Canadian fintech company goeasy (goeasy Stock Quote, Charts, News, Analysts, Financials TSX:GSY) has had a spectacular run over the past 12 months but the stock may have run a bit too hot. Investment manager Jason Del Vicario says there may be better options in the leasing and lending space that could yield higher returns.
“goeasy is a company that we used to own. We got stopped out with them in March 2020, and we’ve since abandoned our stop loss discipline for a number of reasons,” said Del Vicario of Hillside Wealth Management, speaking on BNN Bloomberg on Wednesday.
Mississauga-headquartered goeasy, an alternative lending company with brands easyhome, easyfinancial and LendCare, has been an investor’s dream for a while now. The stock basically doubled in 2019 and then returned a more modest 39 per cent in 2020. This year, GSY has gone from $96 as of Jan 1 to now $202 and counting, with the fintech and alternative lending space seemingly a hot commodity of late.
Last month saw payments company Square announce a huge $29 billion bet on Australian buy now pay later platform Afterpay, looking to the merger as a way to tap into the fast-growing BNPY space which saw plenty of uptake with younger e-commerce consumers during the pandemic, where the allure of buying their goods online without the need of a credit card was a big draw.
This week, Mastercard announced a new BNPY offering, Mastercard Installments, which will allow users to pay off purchases in chunks, with the credit card company saying it aims to give consumers more choice and greater flexibility on payments.
“Mastercard Installments has been built on our guiding principles to protect consumers and enable choice without sacrificing trust and security. It is a digital-focused way to pay today and tomorrow, delivered through consumer’s most trusted relationships with their banks and other lenders, at merchants of their choice,” said Mastercard chief product officer Craig Vosburg in a Tuesday press release.
And goeasy has definitely seen an uptick in usage of its platforms, with the company reporting in its second quarter 2021 that its loan portfolio was up 58 per cent year-over-year for the quarter, hitting $1.80 billion. goeasy reported a jump in demand from its direct-to-consumer lending channels along with strong performance from its credit and payments businesses. A full 65 per cent of its net loan advances for the quarter were issued to new customers, an increase from 49 per cent a year earlier.
“As we have now entered a period of accelerated growth, revenues lifted 34 per cent, while adjusted diluted earnings per share rose 38 per cent,” said goeasy president and CEO Jason Mullins in an August 5 press release.
“To support our future growth, we were also pleased to announce a $400 million increase to our securitization facility, supplemented by a material pricing reduction to a variable coupon rate of approximately 2.3 per cent,” Mullins said.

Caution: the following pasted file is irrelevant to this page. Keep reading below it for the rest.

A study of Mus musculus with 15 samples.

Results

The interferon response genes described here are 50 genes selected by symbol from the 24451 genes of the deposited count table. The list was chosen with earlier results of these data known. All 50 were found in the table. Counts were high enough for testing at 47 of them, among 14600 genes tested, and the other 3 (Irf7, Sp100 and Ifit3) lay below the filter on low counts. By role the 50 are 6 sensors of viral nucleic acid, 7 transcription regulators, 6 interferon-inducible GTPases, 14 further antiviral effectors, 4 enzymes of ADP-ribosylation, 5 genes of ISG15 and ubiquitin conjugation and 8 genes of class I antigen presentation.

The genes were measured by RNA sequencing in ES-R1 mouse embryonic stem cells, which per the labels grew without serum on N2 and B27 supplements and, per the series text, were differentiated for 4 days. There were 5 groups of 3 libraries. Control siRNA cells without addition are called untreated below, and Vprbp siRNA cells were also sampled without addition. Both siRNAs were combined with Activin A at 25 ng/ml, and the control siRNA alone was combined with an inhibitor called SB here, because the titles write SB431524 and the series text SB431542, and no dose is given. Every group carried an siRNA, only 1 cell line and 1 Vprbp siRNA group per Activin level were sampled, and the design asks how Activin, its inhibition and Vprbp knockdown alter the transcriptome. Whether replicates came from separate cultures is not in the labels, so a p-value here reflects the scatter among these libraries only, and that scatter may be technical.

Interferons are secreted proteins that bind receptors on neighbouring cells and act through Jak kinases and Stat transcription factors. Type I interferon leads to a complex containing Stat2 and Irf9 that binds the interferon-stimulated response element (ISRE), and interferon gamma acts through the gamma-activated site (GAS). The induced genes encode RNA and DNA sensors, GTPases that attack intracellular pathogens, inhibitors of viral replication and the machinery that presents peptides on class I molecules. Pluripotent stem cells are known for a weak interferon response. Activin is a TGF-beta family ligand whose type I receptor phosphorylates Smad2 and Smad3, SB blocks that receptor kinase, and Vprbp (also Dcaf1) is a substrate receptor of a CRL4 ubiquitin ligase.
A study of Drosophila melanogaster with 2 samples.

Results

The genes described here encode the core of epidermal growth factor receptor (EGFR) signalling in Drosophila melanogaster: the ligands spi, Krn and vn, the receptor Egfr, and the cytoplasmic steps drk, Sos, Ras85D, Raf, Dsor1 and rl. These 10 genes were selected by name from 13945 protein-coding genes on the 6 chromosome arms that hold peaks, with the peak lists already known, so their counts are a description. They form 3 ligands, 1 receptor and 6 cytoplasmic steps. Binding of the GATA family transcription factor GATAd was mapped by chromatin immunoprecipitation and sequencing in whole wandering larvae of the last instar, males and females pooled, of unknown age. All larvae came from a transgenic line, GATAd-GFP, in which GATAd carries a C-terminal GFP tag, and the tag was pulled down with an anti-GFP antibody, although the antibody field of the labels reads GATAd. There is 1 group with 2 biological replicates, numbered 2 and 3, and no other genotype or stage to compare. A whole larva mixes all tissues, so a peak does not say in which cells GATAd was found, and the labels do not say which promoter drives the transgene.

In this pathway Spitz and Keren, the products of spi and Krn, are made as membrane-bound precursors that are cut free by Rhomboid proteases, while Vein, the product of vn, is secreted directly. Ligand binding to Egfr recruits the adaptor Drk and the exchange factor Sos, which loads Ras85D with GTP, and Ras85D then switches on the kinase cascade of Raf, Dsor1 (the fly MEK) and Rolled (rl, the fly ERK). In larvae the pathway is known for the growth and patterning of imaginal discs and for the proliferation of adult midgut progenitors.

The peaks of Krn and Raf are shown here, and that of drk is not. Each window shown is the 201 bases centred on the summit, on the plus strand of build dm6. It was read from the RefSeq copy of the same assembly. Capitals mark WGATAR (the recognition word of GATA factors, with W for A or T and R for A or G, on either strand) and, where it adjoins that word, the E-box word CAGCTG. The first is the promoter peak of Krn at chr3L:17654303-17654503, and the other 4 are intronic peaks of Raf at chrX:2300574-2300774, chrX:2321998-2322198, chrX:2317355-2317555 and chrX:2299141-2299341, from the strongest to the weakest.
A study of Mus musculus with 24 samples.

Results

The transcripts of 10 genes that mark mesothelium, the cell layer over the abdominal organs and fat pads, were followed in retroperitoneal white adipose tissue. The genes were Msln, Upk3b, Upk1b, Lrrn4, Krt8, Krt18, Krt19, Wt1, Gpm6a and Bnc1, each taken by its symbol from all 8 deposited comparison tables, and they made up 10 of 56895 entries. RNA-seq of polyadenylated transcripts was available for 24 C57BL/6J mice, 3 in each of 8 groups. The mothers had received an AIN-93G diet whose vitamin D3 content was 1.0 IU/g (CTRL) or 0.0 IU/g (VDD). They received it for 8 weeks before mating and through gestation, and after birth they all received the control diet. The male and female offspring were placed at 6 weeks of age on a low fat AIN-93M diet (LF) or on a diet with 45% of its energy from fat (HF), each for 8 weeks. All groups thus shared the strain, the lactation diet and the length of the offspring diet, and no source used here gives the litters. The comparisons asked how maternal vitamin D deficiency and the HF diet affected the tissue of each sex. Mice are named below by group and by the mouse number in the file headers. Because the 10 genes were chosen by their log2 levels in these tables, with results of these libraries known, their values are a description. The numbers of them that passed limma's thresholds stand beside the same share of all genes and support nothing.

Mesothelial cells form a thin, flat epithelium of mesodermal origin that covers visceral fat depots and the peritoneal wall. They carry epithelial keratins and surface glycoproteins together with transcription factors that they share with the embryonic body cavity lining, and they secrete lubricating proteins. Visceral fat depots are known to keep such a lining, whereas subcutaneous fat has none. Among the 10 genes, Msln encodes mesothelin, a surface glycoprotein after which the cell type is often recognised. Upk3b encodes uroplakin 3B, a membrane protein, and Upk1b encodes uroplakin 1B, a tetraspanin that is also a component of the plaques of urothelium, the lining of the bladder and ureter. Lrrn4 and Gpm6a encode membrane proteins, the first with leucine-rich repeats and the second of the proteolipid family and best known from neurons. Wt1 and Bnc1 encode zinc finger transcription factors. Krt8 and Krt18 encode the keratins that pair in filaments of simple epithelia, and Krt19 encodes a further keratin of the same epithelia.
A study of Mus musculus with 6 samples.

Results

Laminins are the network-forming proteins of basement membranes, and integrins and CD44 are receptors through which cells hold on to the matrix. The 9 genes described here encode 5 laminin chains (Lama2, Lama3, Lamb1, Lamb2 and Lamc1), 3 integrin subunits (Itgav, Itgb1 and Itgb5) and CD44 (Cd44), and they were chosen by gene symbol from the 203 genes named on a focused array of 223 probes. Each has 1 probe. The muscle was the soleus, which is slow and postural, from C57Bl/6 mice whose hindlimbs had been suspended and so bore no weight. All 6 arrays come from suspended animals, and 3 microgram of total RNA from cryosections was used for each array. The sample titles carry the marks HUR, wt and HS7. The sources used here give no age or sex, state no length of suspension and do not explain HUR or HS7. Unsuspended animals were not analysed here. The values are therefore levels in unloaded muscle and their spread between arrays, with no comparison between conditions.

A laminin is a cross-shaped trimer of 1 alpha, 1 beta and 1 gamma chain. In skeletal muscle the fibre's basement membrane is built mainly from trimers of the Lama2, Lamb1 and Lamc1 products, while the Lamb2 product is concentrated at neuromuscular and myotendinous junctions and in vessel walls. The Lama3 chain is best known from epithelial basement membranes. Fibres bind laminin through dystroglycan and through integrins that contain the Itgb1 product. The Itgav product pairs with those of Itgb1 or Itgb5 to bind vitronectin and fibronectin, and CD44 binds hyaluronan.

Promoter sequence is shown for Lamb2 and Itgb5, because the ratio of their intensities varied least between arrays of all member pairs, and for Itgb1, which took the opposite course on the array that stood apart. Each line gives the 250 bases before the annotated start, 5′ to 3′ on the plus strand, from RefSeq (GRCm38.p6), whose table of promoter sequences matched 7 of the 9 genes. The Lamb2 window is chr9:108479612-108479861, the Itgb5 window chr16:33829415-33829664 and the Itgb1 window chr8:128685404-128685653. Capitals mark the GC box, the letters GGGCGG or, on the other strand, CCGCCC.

For the Q2, goeasy’s revenue came in at $202 million while adjusted quarterly net income was up 50 per cent to $43.7 million. With the quarterly report, goeasy gave a new three-year forecast for 2021 through 2023, calling for revenue growth of between 24 and 27 per cent for 2021, down to between 17 and 20 per cent for 2022 and between 12 and 15 per cent for 2023.
“With the economic recovery underway, the launch of our new auto loan product and the rapid expansion of our point-of-sale platform, we expect the growth of our portfolio to accelerate as we capture a larger share of the $200 billion non-prime consumer credit market,” said Mullins.
“Our updated three-year forecast reflects growing our consumer loan book to nearly $3 billion by the end of 2023, while gradually reducing the cost of borrowing for our consumers, improving the underlying credit performance and expanding our margins through operating leverage. We remain focused on our goal of becoming the largest and best-performing non-prime consumer lender in Canada, while continuing to deliver market leading returns for our shareholders,” he said.
With all the good news around goeasy, Del Vicario says he is nonetheless unswayed, pointing instead to US-based auto dealer financial services company Credit Acceptance (Credit Acceptance Stock Quote, Charts, News, Analysts, Financials NASDAQ:CACC) as his choice.
“goeasy is an excellent company,” Del Vicario said. “They’re well run. They operate in the subprime lending space and they have consistently high returns on invested capital, so this is a type of company that we’d like to own.”
“At this time, however, we feel that Credit Acceptance offers better value in a very similar space, and it’s one of our larger positions at this time,” he said.
With a market cap of $9.2 billion compared to goeasy’s $3.3 billion, Credit Acceptance has also been a high-flyer this year where the stock is currently up about 70 per cent.